Low-fat flavored milk is now an option, Target 1 limits will satisfy sodium requirements in 2018-19 and states will be allowed to grant hardship exceptions on whole grain compliance.

The USDA today published new School Meal Flexibility Rule that makes targeted changes to standards for meals provided under USDA’s National School Lunch and School Breakfast Programs. Among the major changes in the interim final rule are…

  • granting the option to schools as well as Special Milk Program and Child and Adult Care Food Program operators serving children ages 6 and older to serve low-fat (1 percent) flavored milk in addition to the currently permitted non-fat flavored milk and low-fat or non-fat unflavored milk;
  • allowing schools that meet the current “Target 1” limit on sodium levels in their school meals to be considered compliant with USDA’s sodium requirements for the 2018-19 school year; and
  • allowing states to grant exemptions to schools experiencing hardship in obtaining whole grain-rich products acceptable to students during the 2018-19 school year.

In a statement accompanying the announcement of the rule’s publication, USDA Secretary Sonny Perdue said it reflects USDA’s commitment, made in a May proclamation, to work with program operators, school nutrition professionals, industry and other stakeholders to develop forward-thinking strategies to ensure school nutrition standards are both healthful and practical.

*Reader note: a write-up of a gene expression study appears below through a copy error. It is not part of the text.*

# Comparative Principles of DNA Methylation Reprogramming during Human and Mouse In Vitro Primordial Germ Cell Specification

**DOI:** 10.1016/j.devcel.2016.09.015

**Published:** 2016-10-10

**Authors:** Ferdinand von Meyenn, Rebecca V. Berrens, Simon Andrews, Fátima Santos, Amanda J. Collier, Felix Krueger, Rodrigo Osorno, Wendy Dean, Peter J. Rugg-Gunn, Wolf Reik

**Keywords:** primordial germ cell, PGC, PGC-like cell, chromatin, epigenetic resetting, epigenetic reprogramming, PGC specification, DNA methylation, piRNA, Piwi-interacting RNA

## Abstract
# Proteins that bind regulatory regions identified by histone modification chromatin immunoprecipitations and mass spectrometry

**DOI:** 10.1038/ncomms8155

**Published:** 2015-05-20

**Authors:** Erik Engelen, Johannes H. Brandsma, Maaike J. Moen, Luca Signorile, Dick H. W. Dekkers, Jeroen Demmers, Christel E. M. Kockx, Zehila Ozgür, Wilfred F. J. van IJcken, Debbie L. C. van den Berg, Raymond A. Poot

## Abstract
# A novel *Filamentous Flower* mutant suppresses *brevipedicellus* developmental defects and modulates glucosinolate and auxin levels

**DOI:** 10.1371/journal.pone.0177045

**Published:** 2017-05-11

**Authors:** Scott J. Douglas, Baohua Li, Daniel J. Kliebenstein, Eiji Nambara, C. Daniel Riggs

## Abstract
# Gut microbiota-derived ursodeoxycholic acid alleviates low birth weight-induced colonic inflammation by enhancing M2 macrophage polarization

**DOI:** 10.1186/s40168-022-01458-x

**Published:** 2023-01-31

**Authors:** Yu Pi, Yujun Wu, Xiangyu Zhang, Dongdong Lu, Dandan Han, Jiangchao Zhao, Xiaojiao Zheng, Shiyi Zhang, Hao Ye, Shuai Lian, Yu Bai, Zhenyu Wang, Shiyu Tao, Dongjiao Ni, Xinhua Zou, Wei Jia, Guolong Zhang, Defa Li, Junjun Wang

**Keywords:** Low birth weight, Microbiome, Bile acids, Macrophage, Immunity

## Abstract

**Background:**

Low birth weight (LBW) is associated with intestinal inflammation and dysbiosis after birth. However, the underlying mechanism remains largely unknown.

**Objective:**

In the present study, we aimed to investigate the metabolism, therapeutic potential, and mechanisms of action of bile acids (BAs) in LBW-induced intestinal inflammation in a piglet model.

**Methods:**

“Schools need flexibility in menu planning so they can serve nutritious and appealing meals,” Perdue said. “Based on the feedback we’ve gotten from students, schools, and food service professionals in local schools across America, it’s clear that many still face challenges incorporating some of the meal pattern requirements. Schools want to offer food that students actually want to eat. It doesn’t do any good to serve nutritious meals if they wind up in the trash can. These flexibilities give schools the local control they need to provide nutritious meals that school children find appetizing.”

The action reflects a key component of USDA’s Regulatory Reform Agenda, which was developed in response to President Donald Trump’s executive order to reduce unnecessary regulatory burdens, USDA’s release noted.

In announcing the changes, Perdue took care to praise the efforts of school food professionals to serve healthful, appealing meals and underscored USDA’s commitment to helping them overcome remaining challenges they face in meeting the nutrition standards.

“We salute the efforts of America’s school food professionals,” Perdue said. “And we will continue to support them as they work to run successful school meals programs and feed our nation’s children.”

USDA will accept public comments on the interim final rule via www.regulations.gov to inform it in its development of a final rule, which will address the availability of these three flexibilities in the long term. Meanwhile, the interim rule will be in effect for School Year 2018-19.